Written By James Jones
Under the steady and assured hand of Daniel Craig, James Bond has arrived in the twenty-first century. Any franchise with 24 films under its belt will inevitably have its ups and downs, but Bond pre-Craig frequently fell into cliché and mediocrity. That is not to dismiss Pierce Brosnan’s efforts, but his was a 007 who wrestled far too much against poor scripting and predictable plotting; too many gags and not enough gravity to proceedings.
With Brosnan gone and a suave, blonde Shrek in his place, the Bond films have, if not reinvented, reinvigorated Ian Fleming’s creation, balancing style with substance, stunning action and a relevance to today’s world. Spectre condenses the best elements of Craig’s previous outings as Bond and cements him as one of the franchise’s best.
Spectre picks up from events in Skyfall and the supporting cast make a welcome return. Naomie Harris strikes a thoroughly-modern Moneypenny, Ben Whishaw stresses and quips as technology guru Q and Ralph Fiennes, taking over from Judi Dench as M, tries – in vain – to rein in Bond. 007’s errant behaviour is not M’s only concern, however, as Max Denbigh (played by Andrew Scott), the new head of the Centre of National Security, attempts to close the 00 programme for good.
As usual, such Whitehall politics are not Bond’s primary concern: he’s on the trail of the mysterious organisation known as SPECTRE. With Q and Moneypenny’s help, the trail leads Bond to Dr Madeleine Swann (Léa Seydoux), who might hold the key to untangling SPECTRE. But, as he heads closer to the truth, Bond discovers that the organisation’s head is uncomfortably familiar.
Following on from his successes with Skyfall, director Sam Mendes has again created a weighty, beautifully-crafted film. The opening continuous tracking shot, which weaves in amongst a Day of the Dead parade in Mexico City, is a captivating preface to a brilliant (if absurd) helicopter action sequence, which sees 007 literally beating up the pilot as the chopper does barrel rolls metres above the parade crowds. Not the most believable of scenes (and a later encounter sees Bond trying to control a plane with its wings sheared off) but, hey, who goes to see a James Bond film for a sense of reality?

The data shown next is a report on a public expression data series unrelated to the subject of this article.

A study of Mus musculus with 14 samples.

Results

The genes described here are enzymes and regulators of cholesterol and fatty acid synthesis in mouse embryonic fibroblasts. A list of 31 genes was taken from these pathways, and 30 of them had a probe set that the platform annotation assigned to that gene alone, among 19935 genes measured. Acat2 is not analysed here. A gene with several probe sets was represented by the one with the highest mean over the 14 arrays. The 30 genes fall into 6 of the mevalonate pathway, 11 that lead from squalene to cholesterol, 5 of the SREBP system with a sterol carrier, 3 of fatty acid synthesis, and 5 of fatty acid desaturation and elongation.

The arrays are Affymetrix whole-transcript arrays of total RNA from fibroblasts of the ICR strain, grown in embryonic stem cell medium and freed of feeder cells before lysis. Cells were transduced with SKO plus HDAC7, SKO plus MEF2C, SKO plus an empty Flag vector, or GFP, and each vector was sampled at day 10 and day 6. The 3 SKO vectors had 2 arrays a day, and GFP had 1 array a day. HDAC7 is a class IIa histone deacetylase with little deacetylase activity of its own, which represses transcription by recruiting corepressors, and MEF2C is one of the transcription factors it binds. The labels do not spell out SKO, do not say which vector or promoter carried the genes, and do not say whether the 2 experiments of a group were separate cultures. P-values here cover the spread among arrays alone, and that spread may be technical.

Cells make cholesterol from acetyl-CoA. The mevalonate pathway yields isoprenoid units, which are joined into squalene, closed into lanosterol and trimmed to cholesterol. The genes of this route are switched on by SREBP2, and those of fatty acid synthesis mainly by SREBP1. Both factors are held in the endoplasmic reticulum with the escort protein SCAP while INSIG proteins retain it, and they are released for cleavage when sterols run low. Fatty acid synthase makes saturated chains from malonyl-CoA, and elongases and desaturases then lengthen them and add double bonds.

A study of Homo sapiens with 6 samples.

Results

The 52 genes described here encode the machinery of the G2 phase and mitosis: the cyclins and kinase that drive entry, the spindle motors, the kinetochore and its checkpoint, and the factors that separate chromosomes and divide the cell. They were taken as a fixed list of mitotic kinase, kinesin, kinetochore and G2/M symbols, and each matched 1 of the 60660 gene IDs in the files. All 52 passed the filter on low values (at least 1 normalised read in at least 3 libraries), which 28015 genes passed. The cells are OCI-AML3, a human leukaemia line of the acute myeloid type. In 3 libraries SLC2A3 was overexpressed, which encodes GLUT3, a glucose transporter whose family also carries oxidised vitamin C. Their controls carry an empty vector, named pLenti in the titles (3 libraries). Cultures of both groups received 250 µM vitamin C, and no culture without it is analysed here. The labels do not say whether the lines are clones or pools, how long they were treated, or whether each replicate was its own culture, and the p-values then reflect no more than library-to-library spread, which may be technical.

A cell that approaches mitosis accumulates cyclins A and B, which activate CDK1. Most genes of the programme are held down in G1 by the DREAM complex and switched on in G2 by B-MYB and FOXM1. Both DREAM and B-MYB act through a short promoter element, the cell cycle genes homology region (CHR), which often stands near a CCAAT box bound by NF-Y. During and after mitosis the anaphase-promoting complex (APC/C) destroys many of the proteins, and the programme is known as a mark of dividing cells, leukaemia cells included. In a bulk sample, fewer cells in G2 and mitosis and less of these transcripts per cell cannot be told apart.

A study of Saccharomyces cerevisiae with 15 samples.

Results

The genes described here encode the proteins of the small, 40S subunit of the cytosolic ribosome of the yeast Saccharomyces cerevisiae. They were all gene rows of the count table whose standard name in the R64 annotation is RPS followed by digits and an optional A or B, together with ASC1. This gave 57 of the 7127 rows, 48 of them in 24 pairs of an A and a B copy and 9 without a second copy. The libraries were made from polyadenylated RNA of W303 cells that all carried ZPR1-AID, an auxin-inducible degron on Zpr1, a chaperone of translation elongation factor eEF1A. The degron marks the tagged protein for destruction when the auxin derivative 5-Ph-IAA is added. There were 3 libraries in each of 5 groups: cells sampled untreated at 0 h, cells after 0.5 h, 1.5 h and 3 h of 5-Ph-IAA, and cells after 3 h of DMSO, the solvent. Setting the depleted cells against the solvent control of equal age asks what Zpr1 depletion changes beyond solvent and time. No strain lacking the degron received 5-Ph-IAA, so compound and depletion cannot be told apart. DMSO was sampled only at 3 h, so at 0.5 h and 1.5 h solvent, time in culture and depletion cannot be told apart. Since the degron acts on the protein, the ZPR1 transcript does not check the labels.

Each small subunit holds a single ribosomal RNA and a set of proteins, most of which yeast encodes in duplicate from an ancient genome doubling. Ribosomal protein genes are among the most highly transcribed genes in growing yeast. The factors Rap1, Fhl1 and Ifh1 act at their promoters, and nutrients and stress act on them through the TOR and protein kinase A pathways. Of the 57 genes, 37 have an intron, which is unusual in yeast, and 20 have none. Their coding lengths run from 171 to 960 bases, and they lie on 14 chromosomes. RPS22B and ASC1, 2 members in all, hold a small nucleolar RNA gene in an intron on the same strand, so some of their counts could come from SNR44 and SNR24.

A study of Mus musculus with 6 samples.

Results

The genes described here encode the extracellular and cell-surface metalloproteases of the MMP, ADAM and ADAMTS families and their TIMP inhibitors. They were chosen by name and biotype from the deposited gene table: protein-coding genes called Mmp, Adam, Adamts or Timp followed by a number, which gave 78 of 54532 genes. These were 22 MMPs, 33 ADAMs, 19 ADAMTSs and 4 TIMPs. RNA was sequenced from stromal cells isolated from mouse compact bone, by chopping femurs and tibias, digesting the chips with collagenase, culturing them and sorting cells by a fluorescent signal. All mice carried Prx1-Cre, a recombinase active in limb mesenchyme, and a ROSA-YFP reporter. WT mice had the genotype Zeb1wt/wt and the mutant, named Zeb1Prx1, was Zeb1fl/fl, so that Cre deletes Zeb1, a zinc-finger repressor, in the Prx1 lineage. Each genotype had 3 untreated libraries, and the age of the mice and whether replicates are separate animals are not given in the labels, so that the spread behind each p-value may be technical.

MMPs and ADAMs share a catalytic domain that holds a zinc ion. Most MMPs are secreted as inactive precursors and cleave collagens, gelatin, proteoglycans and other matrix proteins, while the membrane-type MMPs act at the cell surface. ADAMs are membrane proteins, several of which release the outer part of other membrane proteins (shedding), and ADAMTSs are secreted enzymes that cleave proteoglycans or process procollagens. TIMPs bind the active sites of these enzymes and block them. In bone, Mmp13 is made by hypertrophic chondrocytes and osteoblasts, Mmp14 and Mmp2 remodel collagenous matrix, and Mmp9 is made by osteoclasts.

That said, the script’s themes – cyber-security and surveillance – do feel very current. “You’re a kite dancing in a hurricane, Mr Bond”, Jesper Christensen (as Mr White) chillingly whispers. That hurricane takes the form of a whirlwind of data, electronic espionage and double-crossings. Daniel Craig approaches all of this with his usual mixture of refinement and physical prowess: if nothing else, the man knows how to wear a suit. Christoph Waltz is great as 007’s adversary, playing a technology-loving villain that could only work within a Bond film.
The film is, tonally, perhaps not as dark as some of the trailers would have you believe, but it satisfyingly nods to the raised eyebrow humour of earlier films: as Bond escapes a collapsing building, he lands on a conveniently-located sofa, readjusting his tie as he does so. Later on, he is rather riled when a new Aston Martin is given to 009 rather than to him, and effectively steals it, leaving Q a bottle of champagne in its place. This is a playful – and immensely stylish – Bond. This confident sense of effortless style extends to the Bond girls, the mantle this time passed to Monica Bellucci and Léa Seydoux. As the enigmatic (and oldest ever!) Bond girl, Bellucci smoulders on-screen, in contrast to Seydoux’s more churlish but equally beguiling Dr Swann.
Even at its 148 minutes running time, the film never drags and its resolution, whilst not a great coup in the 007 formula, is satisfying. Linked to the subject of endings, Sam Smith’s rather derided theme, really does work in the film’s opening titles, with its soaring orchestration and melancholy timbre. Screenwriters John Logan, Neal Purvis, Robert Wade and Jez Butterworth have done a great job of fitting the film into the Daniel Craig canon, by placing SPECTRE at the centre of all of the previous three films.
Spectre oozes sophistication and action, and the unique elements which make a Bond film coalesce in an engaging and hugely enjoyable manner are crafted with love and enthusiasm. If Spectre is Craig’s last Bond (and it could well be), then he will left the franchise in ruder health than ever.